The Atheist's Definition of Morality

I know I've been writing on religion quite a bit lately, but I really want to examine one more thing before attempting to get back on subject (whatever that means).

Of everything Richard Spencer said, the one thing that still bugs the shit out of me, a week later, was his point on morality. I just couldn't believe he said that Atheists have no moral values, simply because we don't have the Bible to spell it out for us. That is the dumbest oversimplification I've heard for quite a while, with second and third easily coming from that same lecture.

Atheists are moral. Hell, even chimps are moral. What's less bluntly obvious to religious folk is our definition of morality, so I give upon you my definition of morality:

Σ[(Mcommunity-Msubject)/σ] < Threshold Function

The magnitude of the quantity [perceived average of one's community's moral values minus morality of subject divided by the standard deviation] is less that a threshold function.
  • Sigma: It goes almost without saying that morality is a multidimensional issue. To say that it can be reduced to a single number would be a gross over-simplification. One's view on murder could have very little to do with their view on abortion, or animal rights, or their views on energy consumption. This allows someone who is generally inline with the community seem to be a generally a good person, except when carbon footprints come up in conversation and he looks like a jerk. The mathematics for this is left as an exercise for the reader/philosopher. Many things will be on a [0, 1] analogue scale (Vegetarianism), while other metrics might very well be on a single (How many people can you murder before it's uncalled for?) or multidimensional plane (resource usage - gas, electric, space, etc). Hell, you could start coming up with metrics that require complex geometry, depending on how hard you work at it.
  • Mcommunity: The perceived average moral values of the community. Contrary to what has been said about Atheists, I can say that what Hitler did was wrong. I will go even farther, and point out that there was a large number of people who didn't think what he did was wrong. My definition still holds. His community's collective moral value happened to be skewed towards it's-ok-to-kill-Jews-because-it's-all-their-fault (ΔM is small, so they think its ok). My community's Mcommunity happens to lie closer to not thinking it's ok to kill people (ΔM is large, so we think Hitler is evil), but who can say what's right?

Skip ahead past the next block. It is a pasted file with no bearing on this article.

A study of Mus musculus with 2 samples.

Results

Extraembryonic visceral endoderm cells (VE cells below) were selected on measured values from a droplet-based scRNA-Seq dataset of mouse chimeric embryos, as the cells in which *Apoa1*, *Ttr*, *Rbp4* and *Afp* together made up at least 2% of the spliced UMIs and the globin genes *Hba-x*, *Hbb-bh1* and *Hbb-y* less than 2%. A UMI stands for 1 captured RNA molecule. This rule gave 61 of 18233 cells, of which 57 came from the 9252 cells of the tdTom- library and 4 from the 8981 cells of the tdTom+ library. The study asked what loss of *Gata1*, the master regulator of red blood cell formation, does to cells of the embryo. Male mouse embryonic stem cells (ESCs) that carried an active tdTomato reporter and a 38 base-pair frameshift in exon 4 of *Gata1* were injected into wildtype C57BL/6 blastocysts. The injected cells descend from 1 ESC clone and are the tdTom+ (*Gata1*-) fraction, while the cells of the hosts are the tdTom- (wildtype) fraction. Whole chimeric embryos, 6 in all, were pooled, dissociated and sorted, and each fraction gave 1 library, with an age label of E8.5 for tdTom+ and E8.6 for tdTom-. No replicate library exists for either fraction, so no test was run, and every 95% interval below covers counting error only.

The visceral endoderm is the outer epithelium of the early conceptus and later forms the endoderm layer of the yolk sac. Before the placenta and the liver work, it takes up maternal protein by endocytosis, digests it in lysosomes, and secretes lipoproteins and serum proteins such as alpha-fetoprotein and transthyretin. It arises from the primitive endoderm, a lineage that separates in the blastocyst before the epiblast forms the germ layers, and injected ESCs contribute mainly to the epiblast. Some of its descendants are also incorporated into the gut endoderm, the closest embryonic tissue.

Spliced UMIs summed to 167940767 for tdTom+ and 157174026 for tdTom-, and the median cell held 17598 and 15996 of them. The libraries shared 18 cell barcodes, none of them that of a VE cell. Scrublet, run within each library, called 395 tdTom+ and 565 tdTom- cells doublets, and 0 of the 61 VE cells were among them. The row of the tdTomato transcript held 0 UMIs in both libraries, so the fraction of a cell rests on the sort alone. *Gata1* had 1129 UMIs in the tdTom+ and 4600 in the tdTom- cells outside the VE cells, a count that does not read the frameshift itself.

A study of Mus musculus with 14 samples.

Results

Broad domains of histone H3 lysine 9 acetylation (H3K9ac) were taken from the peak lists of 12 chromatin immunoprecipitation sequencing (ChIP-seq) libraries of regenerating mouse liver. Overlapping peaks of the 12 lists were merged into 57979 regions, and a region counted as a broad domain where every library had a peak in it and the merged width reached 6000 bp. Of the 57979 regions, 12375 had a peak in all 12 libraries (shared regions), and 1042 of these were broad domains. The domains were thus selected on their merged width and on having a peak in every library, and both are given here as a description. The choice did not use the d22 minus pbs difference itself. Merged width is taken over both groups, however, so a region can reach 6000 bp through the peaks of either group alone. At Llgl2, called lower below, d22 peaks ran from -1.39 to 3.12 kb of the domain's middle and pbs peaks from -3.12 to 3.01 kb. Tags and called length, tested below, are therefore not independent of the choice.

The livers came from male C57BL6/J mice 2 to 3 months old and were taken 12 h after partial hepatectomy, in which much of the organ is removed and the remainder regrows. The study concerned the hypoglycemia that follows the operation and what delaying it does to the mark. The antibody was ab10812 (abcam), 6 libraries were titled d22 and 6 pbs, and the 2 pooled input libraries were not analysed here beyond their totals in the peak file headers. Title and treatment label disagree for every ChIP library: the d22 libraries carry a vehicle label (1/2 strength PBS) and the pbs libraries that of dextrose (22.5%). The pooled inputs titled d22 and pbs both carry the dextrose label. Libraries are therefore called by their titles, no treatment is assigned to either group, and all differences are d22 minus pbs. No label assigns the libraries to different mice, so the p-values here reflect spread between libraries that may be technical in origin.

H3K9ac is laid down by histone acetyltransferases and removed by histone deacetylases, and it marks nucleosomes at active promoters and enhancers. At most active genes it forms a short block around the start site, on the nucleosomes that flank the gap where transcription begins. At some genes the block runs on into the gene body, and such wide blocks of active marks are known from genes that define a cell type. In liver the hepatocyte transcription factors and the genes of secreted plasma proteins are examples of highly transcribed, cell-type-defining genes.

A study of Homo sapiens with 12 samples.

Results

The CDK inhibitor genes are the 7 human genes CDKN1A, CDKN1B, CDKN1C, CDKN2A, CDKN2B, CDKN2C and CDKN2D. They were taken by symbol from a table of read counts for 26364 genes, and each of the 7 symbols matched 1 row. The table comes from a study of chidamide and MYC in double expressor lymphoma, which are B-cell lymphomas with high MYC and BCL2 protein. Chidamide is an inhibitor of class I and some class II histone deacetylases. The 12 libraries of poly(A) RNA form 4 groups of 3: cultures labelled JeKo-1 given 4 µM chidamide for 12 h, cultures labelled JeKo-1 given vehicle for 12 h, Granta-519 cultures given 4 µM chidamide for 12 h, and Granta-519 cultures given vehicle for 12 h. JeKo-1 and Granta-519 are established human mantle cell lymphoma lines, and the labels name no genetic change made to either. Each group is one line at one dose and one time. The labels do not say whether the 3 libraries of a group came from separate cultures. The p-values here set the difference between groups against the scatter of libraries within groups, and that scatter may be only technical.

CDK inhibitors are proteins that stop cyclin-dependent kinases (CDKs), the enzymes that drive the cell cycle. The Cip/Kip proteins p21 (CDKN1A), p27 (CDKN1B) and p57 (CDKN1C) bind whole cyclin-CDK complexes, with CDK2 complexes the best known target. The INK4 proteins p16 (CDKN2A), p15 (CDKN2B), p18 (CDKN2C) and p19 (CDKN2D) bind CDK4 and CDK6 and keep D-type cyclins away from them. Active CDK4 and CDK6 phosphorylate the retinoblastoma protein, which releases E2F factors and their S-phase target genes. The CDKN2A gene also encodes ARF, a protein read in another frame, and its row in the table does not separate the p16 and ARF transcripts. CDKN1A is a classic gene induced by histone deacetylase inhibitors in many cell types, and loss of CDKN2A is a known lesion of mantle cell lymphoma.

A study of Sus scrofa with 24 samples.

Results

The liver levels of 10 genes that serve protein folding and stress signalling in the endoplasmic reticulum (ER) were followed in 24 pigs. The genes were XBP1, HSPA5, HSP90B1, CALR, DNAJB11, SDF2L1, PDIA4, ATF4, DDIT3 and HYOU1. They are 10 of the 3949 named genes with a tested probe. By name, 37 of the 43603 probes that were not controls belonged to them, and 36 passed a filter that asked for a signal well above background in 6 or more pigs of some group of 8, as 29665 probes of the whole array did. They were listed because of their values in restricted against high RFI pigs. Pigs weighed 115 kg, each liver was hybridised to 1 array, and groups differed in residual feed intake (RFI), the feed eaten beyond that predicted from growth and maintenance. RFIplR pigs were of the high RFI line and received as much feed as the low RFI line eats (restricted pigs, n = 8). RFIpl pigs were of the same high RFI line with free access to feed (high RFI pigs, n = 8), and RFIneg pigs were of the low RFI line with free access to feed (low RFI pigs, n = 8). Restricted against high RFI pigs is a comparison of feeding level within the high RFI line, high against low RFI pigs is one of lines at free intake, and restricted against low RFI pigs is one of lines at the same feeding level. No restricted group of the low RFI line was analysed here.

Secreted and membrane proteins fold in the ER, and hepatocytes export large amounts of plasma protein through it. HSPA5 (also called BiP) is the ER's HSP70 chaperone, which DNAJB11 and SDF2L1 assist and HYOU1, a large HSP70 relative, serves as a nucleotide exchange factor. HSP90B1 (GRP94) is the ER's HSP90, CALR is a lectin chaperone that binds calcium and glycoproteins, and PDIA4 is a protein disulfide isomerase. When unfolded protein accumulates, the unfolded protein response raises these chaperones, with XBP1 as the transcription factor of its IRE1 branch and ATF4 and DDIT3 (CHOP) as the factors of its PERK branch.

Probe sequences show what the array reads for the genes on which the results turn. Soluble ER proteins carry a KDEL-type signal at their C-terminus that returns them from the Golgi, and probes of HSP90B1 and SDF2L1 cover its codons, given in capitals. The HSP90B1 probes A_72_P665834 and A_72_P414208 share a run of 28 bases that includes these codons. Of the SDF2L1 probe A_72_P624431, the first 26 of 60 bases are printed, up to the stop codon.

• Msubject: The perceived moral value of the person being examined. Most axes of this point should understandably undefined. When you first meet someone, the first thing you start to do is (hopefully) rarely start grilling them on abstract moral dilemma. Only for close family members, significant others, and maybe your best friend would you have a good general idea where they really lie in this multidimensional morality space. For most everyone else, almost arbitrary values are used, based on Mcommunity, Mpersonal, and even apparent correlations between separate axes (ie gay marriage vs interracial marriage, animal rights vs vegetarianism, etc)
  • The standard deviation: The deviation of a community is going to give a good indication as to how open minded the group is. A community of only evangelicals is going to be less accepting of a homosexual than a vast array of people with one or two evangelicals mixed in, who might still condemn them, or might not, since they don't feel that have as much to stand on for support in the community on the issue.
  • The threshold function: I would imagine the threshold would be something quite like the sigmoid function. The exact coefficients would of course be personally defined, and could easily be influenced by the community as much as the perceived σ. This allows for smaller deviations in less important matters to not classify someone as a character-lacking jerk than deviations among seemingly more important matters, which can easily classify someone as such.  And notice that the sigmoid isn't a step function, so the result of the entire equation is going to be more statistical than binary, which means that you can think Hitler is truly evil down to his core, but that guy who talks shit about Sally behind her back is just a jerk.
So there is my engineer-based view on a philosophical matter which has become much too much based on religion for my taste. It still needs a bit of work to deal with the edge cases, but they're less obvious than miscongruencies like homosexuality or shellfish, or entire communities being completely inexplicable.